Quilt Coat Controversy
Quilt Coats were a hot topic at QuiltCon 2022. We met with the community to get their hot take.
Mary Fons is one person in the quilting community not afraid to speak out on the trending topic: “Should you make clothing from vintage or antique quilts? “In her opinion, “Quilt Clothes Must Die!”. That phrase is the title of her YouTube video, which is stirring some controversy in the quilt maker and fashion world.
Fons grew up among quilts—quite literally—as the daughter of Marianne Fons of Fons and Porter’s Love of Quilting Magazine and popular television program. The magazine was first published in 1999, and the show has been on TV since 2003. Mary has been around quilts, a lot of quilts. She loves the history and heritage of quilts. She is a writer, editor, and livestreamer—her live ‘Quilt Nerd’ show airs three times a week on Twitch.
“I spend a lot of time with quilts. Quilts are our history and hold our memories. Quilts are historical documents to tell the world who we are,” she said. To cut up a vintage or antique quilt to make clothing is wrong. “I understand that I am going to piss some people off,” she states in her video.
The trend of making clothing from patchwork quilts has come and gone throughout the years. Fashion designers like Adolfo and Ralph Lauren made designer clothing from quilts in the 1970s and 80s. They were expensive, unique, and limited in supply. “Maybe only 300 or 400 quilts were used to make these designer quilt clothes,” said Fons.
Jump ahead 30-plus years, and today’s trend of making coats, dusters, vests, pants, jumpsuits and even fanny packs from patchwork has lasted for over five years. The extended longevity of the trend is probably due to the popularity of quilt clothes shown on the internet and social media.
“Ads for the garments began flowing steadily into social media feeds in early 2020. The first year of the pandemic led to increased social media use for many, so millions of people saw the trend emerging for the masses,” wrote Fons in an article, “Quilt, Meet Coat,” for the Modern Quilt Guild’s magazine, QUILTCON.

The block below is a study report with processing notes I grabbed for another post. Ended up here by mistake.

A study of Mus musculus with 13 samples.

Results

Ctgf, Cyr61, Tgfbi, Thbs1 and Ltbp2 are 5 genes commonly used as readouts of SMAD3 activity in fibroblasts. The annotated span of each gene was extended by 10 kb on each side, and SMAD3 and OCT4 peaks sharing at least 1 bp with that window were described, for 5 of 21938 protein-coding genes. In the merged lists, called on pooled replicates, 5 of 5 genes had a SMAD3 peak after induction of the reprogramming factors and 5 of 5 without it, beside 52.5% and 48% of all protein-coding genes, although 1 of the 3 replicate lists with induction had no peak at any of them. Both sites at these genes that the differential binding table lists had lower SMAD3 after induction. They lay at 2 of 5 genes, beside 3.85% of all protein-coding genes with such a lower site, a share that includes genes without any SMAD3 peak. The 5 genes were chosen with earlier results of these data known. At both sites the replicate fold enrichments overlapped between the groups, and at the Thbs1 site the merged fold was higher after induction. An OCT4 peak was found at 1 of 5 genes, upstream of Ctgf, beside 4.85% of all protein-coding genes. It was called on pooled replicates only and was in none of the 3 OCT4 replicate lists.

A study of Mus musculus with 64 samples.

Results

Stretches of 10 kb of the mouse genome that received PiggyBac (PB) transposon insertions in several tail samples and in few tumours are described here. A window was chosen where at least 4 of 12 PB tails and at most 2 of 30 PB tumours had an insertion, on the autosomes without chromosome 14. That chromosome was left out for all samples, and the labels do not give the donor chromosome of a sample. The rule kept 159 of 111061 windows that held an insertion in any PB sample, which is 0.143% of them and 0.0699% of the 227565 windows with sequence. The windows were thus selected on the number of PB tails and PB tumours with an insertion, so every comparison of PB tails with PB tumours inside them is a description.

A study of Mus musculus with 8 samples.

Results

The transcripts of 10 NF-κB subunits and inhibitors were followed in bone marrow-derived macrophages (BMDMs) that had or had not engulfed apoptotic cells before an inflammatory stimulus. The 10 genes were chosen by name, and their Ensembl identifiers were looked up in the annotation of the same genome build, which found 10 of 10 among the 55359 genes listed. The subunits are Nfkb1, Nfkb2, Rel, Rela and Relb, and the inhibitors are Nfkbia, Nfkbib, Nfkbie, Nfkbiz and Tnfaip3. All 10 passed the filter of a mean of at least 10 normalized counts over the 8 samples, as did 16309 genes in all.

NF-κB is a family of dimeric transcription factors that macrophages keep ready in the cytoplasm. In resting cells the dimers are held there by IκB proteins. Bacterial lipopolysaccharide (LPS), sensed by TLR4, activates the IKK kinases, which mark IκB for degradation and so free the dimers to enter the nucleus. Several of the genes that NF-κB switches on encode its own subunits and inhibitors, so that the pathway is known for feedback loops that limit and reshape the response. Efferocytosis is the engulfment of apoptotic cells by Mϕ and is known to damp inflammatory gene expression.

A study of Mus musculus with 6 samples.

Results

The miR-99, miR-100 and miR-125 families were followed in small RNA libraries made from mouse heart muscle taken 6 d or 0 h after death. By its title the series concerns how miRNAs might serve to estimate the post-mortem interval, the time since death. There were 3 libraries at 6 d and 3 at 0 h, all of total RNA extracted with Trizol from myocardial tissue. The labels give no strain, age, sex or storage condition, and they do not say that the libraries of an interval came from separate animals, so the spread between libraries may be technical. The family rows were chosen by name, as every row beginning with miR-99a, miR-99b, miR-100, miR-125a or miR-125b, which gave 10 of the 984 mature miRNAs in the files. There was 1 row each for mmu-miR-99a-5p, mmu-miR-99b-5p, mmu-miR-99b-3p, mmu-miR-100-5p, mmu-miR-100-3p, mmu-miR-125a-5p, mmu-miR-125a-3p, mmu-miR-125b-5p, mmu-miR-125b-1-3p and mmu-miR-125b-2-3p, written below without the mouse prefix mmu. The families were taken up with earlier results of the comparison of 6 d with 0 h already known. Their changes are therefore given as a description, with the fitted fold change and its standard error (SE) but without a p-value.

People began selling large numbers of vintage and antique quilts online, on social media accounts, Etsy, etc. Quilt dealers hold “quit drops” events where hundreds of vintage quilts are gathered and sold to designers and other consumers. “We need to preserve our history and not cut it apart,” she said.
Not all agree with Fons. There are arguments that a vintage quilt sitting unused in a closet can have a “new life” if you make it into clothing. Another view is that a quilt is being honored by being “upcycled” into sustainable fashion. While Fons doesn’t buy into these agreements, many in the quilting and fashion world do and disagree with Fons.
What do you think about transforming a vintage or antique quilt into clothing?
“Making a quilt or quilt top to be used to make clothing is much different than cutting up a vintage or antique quilt,” said Fons. Lately, some fashion designers are hiring quilters to construct patchwork fabric to make quilted clothing lines, instead of cutting up vintage quilts.
“Quilters generations ago wouldn’t have dreamed their quilts would be cut into garments, but thousands of them are being cut apart every day,” wrote Fons.
“We make quilts. We love to make quilts. We hope our quilts may be valued—and not made into fanny packs.”
Where do you stand on the trend? Let us know in the comments!